Bwin Resilient amid Fourth-Quarter Doldrums

6 February 2009
Bwin Interactive Entertainment A.G., whose shares have gained 31 percent in recent weeks, turned in a resilient fourth-quarter performance relative to competitors in the listed gaming sector.

Gross gaming revenue for the quarter came in at 117.7 million euros, up 15.1 percent against the year-ago period and 22.7 percent, sequentially.

The performance was driven largely by the company's sports betting operation, which generated record revenue of 64.5 million euros from turnover of 793.2 million euros.

The company's poker offering would appear to be taking market share from European competitors like GigaMedia Ltd. and PartyGaming, as revenue, 27.7 million, was up 27.1 percent over last year and 21.4 percent versus the previous quarter. Active customers, moreover, were up 53.9 percent over last year.

Although it wasn't mentioned Friday, the company's Italian poker operation was generating 30,000 euros, in 12-hour segments, at third-quarter results time. For other sector peers with Italian poker sites or networks, returns so far have been positive.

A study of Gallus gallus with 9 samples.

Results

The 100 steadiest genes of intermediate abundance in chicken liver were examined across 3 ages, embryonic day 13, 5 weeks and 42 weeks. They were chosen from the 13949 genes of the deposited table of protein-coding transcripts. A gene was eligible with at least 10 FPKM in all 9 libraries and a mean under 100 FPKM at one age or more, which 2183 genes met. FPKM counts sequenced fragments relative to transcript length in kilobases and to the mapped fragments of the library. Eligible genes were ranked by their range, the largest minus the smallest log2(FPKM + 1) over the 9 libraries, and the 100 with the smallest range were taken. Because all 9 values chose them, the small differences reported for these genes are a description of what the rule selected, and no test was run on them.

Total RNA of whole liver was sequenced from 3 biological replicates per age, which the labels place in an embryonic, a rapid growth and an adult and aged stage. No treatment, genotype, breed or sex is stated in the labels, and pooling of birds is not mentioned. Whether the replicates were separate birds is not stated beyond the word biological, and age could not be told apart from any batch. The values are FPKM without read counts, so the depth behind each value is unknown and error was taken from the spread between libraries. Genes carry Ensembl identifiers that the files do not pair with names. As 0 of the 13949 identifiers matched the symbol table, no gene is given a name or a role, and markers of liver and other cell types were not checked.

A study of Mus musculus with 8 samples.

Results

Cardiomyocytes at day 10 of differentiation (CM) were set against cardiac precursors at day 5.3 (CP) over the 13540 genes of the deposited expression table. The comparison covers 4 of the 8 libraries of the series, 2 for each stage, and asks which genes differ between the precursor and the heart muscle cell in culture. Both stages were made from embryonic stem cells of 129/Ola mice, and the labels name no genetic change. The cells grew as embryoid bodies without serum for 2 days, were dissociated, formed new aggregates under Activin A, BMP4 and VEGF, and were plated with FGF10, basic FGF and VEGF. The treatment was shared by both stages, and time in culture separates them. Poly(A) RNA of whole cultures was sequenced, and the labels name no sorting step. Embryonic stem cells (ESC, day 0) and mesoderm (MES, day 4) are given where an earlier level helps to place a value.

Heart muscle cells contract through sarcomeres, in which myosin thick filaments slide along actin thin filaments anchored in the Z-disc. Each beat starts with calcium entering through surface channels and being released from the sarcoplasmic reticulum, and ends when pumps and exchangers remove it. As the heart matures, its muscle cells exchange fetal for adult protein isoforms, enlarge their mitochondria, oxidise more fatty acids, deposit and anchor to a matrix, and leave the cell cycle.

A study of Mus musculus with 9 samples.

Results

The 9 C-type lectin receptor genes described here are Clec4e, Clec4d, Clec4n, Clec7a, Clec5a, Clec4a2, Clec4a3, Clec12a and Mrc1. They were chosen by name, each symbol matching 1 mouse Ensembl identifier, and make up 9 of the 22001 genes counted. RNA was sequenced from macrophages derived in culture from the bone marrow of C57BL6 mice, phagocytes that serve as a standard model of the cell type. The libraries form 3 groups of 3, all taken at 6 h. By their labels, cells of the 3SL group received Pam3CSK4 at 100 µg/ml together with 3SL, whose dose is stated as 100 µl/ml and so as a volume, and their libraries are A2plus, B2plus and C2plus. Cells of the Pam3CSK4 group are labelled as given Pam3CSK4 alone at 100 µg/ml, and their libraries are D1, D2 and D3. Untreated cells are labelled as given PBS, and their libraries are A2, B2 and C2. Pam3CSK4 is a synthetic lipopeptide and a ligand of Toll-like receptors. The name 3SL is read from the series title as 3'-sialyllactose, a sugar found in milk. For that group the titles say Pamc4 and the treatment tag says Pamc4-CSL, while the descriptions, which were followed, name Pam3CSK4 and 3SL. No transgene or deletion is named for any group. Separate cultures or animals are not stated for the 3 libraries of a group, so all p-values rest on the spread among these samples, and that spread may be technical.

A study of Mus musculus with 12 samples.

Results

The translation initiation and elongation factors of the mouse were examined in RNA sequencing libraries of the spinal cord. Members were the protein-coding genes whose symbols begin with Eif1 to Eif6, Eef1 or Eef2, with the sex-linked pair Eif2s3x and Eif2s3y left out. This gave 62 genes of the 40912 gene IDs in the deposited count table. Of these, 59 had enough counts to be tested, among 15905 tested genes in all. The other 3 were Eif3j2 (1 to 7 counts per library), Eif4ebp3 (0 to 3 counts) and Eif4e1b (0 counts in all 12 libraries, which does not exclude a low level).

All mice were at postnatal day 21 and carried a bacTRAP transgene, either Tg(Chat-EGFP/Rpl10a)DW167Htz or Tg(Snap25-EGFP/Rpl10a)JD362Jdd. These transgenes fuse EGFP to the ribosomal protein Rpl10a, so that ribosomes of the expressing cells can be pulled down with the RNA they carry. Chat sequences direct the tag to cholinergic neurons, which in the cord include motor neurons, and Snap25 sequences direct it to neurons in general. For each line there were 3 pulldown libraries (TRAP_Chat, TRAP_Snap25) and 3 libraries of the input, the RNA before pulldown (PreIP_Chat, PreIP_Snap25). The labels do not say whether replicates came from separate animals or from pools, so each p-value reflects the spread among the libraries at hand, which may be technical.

Bwin's casino, meanwhile, generated 19.3 million in gross gaming revenue, up 19.5 percent over 2007 and 14.2 percent, quarter on quarter. And games revenue was up 27.9 percent, year over year, to 6.2 million euros.

The company -- like a handful of others in the sector -- is emerging as a business-to-business player. In November, it inked a deal with Éditions Philippe Amaury, a French media group, to build out an online gambling offering once the French government fully implements a new regulatory scheme that has yet to be delivered.

Bwin is also mulling whether to spin off its in-house payments business as a standalone. One of that business' two arms, Vincento Payment Solutions Ltd., is set to debut imminently a prepaid card in the United Kingdom -- a sign of the company's interest in converting existing customer accounts into e-wallet accounts, one analyst argues.

A heavy marketing investor in recent years, the company appears poised this year for a long-anticipated move into the black, with roughly 40 million euros to be trimmed off the cost line. It reiterated guidance for adjusted earnings before interest, taxes, depreciation and amortization of at least 100 million euros in 2009.

Chris Krafcik is the editor of IGamingNews. He lives in St. Louis, Mo.